The Nazi Revolution: Hitler's Dictatorship and the German Nation

The Nazi Revolution: Hitler's Dictatorship and the German Nation

The Nazi Revolution: Hitler's Dictatorship and the German Nation

The Nazi Revolution: Hitler's Dictatorship and the German Nation

Excerpt

The title of this anthology announces one of the most extraordinary subjects in all of history. In a sense German National Socialism was only an episode, lasting in Europe as it did for barely a decade; but in another it was both a final legacy of the entire nineteenth century and a terrifying symptom of the twentieth. No phenomenon in recorded experience ultimately occupied the energies of so many humans or ended in such extensive devastation. Short of a complete atomic holocaust, our world is unlikely to witness anything comparable ever again.

Although Nazism can thus be perceived as a universal event, or as the most strident example of a fascist epidemic which has infested all of Western civilization, the focus here is deliberately confined to the national context of Germany following the First World War. After all, there is only limited value in speculating about some totalitarian typology until specific instances have been understood as the product of a certain time and place. The chronological distance between our own time and the Nazi years is now sufficient for such comprehension to be possible.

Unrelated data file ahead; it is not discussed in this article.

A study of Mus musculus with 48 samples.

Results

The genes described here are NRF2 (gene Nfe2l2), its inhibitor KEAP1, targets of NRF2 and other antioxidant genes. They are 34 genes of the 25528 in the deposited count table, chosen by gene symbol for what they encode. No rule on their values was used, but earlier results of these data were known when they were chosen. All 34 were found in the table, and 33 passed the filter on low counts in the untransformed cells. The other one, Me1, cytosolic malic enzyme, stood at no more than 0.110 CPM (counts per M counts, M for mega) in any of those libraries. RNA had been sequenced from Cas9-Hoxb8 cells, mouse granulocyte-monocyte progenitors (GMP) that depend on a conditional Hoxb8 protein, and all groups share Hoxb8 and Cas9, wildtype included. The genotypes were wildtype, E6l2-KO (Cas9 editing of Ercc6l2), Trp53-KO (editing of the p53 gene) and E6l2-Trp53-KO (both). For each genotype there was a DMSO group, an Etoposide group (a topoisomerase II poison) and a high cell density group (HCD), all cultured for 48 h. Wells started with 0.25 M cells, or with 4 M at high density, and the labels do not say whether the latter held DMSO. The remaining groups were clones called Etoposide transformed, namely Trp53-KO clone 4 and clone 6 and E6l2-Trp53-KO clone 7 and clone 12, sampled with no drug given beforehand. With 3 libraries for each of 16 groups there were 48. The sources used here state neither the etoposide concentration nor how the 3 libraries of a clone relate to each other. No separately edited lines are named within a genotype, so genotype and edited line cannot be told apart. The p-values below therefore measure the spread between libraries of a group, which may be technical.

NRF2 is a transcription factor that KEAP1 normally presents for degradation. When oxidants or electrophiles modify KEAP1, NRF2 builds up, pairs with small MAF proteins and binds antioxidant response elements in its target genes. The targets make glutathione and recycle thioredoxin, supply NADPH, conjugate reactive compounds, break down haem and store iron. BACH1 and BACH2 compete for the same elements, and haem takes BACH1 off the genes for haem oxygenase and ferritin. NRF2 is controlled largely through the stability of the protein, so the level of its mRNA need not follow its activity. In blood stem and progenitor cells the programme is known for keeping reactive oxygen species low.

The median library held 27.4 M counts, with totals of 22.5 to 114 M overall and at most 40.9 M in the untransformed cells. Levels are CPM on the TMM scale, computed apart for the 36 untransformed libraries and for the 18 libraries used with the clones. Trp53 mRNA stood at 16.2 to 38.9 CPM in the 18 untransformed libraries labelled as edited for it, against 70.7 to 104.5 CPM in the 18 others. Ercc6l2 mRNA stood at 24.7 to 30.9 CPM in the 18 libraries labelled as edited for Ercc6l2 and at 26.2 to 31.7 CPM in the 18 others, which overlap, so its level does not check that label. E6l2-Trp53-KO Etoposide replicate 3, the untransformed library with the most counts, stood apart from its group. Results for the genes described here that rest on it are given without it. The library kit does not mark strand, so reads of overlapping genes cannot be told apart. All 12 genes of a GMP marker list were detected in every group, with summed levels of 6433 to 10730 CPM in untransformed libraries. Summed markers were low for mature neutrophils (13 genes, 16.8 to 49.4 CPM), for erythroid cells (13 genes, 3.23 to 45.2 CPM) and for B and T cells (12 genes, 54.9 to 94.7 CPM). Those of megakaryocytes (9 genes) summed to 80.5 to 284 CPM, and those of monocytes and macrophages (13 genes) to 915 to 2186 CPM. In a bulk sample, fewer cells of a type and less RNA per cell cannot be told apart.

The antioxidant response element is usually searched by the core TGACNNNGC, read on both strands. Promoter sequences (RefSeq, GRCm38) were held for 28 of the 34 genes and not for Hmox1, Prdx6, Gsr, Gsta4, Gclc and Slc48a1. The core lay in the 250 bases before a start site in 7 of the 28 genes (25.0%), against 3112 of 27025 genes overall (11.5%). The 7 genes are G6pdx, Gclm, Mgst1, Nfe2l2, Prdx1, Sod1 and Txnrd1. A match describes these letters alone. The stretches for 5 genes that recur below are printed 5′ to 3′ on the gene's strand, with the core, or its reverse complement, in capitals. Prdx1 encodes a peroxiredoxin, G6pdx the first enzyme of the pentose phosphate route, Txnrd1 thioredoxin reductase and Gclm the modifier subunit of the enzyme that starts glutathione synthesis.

Lamentation is not explanation. Only a few souls wandering somewhere on the sunlit uplands of idiocy could suppose that Nazism was other than an outrage. Yet to denounce Nazism is simply to express a kind of elementary morality; it is not to engage in historical criticism. If we are to begin to penetrate the historical reality we must ask, and attempt to answer, a number of complex and disturbing questions for which a moral standard provides no absolute guide. We are obligated to regard Nazism with a certain scholarly detachment--which need not be equated with moral indifference--in order to take a more searching look beneath the polemics of years past.